For any type of plumbing or piping system, there are two steps to sizing the pipes. First, you have to calculate the flow in each pipe section. Second, you have to take that flow and convert it into a size. In Design Master Plumbing, we made the decision for our initial release to automate the first step, but not the second. Calculating flow is a perfect task for a computer: a simple calculation you have to perform a large number of times. Sizing the pipe based upon the flow is more difficult for a computer, because determining which sizing table to use is so complicated.
To calculate the flow, the flow value at each fixture must be defined, similar to setting the airflow in CFM at each diffuser in Design Master HVAC. The flow values are then added up through the pipe system back to the source. You can view the flow values either by displaying them on the pipe labels or by querying the pipes. With the flow values calculated for you, sizing the pipes by hand is a relatively quick process.
One feature of our flow calculations that is often overlooked is the possibility of having multiple different flow categories for a pipe. This is important for handling diversity in some plumbing sizing codes.
Consider how water supply pipes are sized in the Uniform Plumbing Code. Most fixtures are assigned a specific fixture unit (FU) value. The flow in a pipe is the sum of the FU’s of all the connected fixtures. However, the flow to some fixtures depends upon the number of fixtures connected. For example, the flow for a single hose bib is 2.5 FU. Each additional hose bib is 1 FU.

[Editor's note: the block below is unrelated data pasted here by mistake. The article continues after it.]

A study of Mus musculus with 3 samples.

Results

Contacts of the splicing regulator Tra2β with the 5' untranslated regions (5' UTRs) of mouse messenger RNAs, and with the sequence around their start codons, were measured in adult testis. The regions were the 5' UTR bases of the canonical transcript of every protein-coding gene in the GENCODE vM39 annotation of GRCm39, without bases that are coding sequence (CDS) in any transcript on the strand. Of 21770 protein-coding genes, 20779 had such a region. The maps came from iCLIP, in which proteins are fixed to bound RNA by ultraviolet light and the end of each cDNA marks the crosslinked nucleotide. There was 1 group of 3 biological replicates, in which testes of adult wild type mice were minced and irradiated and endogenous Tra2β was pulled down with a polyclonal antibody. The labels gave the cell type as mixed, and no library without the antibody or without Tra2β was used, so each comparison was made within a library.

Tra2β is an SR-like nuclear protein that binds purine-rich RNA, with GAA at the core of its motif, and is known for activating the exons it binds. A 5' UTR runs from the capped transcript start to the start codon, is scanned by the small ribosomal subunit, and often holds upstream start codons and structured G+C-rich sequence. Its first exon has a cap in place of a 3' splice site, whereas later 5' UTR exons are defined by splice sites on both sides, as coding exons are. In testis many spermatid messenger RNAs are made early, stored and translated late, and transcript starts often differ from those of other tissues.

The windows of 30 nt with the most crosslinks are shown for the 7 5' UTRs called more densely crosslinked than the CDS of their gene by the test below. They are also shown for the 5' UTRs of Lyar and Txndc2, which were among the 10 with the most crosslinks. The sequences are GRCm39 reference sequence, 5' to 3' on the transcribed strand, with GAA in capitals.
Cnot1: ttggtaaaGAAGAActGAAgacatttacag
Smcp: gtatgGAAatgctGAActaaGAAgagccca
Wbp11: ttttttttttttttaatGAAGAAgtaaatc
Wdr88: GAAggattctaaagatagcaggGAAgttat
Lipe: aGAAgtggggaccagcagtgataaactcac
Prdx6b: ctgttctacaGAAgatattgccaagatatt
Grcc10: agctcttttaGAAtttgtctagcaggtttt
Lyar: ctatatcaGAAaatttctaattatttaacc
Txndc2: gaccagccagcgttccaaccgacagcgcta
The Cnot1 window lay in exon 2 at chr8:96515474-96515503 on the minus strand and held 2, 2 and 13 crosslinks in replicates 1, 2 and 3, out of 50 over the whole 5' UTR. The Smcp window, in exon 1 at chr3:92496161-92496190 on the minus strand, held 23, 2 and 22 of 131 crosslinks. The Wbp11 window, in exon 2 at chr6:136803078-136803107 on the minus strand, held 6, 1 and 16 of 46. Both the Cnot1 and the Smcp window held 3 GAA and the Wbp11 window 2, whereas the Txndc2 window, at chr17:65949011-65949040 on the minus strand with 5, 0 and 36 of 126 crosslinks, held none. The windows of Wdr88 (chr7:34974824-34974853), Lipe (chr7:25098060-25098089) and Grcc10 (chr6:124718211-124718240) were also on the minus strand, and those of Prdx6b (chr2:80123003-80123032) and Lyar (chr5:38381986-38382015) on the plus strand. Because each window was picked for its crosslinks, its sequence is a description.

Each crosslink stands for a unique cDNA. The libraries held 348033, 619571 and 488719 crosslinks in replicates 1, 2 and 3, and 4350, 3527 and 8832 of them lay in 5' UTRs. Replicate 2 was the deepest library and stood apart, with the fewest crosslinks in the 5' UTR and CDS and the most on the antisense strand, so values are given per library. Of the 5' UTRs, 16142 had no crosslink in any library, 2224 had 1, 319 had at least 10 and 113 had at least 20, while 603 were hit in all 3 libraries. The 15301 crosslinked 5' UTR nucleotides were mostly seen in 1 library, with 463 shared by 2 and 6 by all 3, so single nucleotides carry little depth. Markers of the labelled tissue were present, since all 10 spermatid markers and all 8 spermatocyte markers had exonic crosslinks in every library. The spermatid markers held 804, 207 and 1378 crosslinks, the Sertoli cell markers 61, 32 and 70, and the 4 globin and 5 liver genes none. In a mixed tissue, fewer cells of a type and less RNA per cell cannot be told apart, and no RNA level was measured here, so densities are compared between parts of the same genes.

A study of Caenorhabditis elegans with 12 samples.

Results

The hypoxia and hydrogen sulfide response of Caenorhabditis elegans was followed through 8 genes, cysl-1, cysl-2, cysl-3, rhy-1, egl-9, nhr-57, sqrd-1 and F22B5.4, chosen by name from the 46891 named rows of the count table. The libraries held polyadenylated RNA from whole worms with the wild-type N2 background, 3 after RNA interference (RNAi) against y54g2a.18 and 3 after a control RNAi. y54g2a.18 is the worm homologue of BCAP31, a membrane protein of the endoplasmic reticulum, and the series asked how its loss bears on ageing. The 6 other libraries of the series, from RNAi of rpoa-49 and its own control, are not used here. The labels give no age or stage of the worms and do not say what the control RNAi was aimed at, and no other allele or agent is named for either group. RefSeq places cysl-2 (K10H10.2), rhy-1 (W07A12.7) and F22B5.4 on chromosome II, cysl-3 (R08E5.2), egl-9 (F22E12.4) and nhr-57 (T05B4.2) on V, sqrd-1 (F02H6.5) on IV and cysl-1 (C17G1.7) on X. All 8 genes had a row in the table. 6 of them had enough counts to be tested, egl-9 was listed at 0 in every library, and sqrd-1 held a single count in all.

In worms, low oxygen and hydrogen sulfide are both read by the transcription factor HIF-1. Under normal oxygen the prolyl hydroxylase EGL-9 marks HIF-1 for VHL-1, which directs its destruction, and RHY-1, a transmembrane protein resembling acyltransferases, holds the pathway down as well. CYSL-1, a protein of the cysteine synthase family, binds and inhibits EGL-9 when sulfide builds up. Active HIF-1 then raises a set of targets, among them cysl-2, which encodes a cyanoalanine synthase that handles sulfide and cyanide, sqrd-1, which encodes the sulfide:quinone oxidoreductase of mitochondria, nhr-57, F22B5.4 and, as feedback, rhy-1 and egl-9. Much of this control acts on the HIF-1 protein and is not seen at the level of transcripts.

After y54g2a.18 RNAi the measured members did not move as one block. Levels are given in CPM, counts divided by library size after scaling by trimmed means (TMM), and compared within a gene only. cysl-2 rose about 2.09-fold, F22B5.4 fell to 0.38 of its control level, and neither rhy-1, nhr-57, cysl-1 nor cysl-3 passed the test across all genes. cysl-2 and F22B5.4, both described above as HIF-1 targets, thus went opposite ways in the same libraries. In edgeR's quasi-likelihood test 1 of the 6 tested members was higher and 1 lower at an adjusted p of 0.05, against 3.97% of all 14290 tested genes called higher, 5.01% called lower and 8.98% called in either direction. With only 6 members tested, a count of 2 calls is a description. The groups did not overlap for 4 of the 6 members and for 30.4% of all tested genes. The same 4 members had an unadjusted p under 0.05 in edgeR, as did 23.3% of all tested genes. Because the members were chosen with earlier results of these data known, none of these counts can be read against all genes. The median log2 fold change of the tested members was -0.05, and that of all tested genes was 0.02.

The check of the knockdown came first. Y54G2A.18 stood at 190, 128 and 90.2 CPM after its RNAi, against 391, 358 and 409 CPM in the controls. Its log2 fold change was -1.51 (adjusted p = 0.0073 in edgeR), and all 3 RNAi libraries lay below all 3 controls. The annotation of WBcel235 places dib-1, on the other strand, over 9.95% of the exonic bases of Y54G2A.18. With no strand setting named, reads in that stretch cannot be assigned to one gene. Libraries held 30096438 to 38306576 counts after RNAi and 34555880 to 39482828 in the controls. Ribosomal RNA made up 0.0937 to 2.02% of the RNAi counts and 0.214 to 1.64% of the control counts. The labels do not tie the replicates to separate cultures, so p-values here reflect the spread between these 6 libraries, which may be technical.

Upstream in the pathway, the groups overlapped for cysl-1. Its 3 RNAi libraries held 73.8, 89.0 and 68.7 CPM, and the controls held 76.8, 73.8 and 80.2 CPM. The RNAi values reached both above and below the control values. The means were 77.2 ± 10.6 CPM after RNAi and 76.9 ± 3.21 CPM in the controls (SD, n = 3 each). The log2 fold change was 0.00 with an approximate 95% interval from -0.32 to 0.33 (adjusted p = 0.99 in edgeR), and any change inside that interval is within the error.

Using flow categories, you can create a “Hose Bibb” category. Each hose bib you insert is assigned a value of 1. When you size your supply pipes, you know the number of hose bibs connected to each pipe. If there is 1 hose bib, you add 2.5 FU to any other flow that is in the pipe. If there are 2 hose bibs, you add 3.5 FU (2.5 for the first and 1 FU for the second).
In a future release, Design Master Plumbing will be able to size pipes automatically. Until then, you will have to size the pipes manually based upon these flow values. But calculating the flow automatically, and updating the flow automatically when the design changes, makes the sizing significantly faster and reduces the likelihood of errors.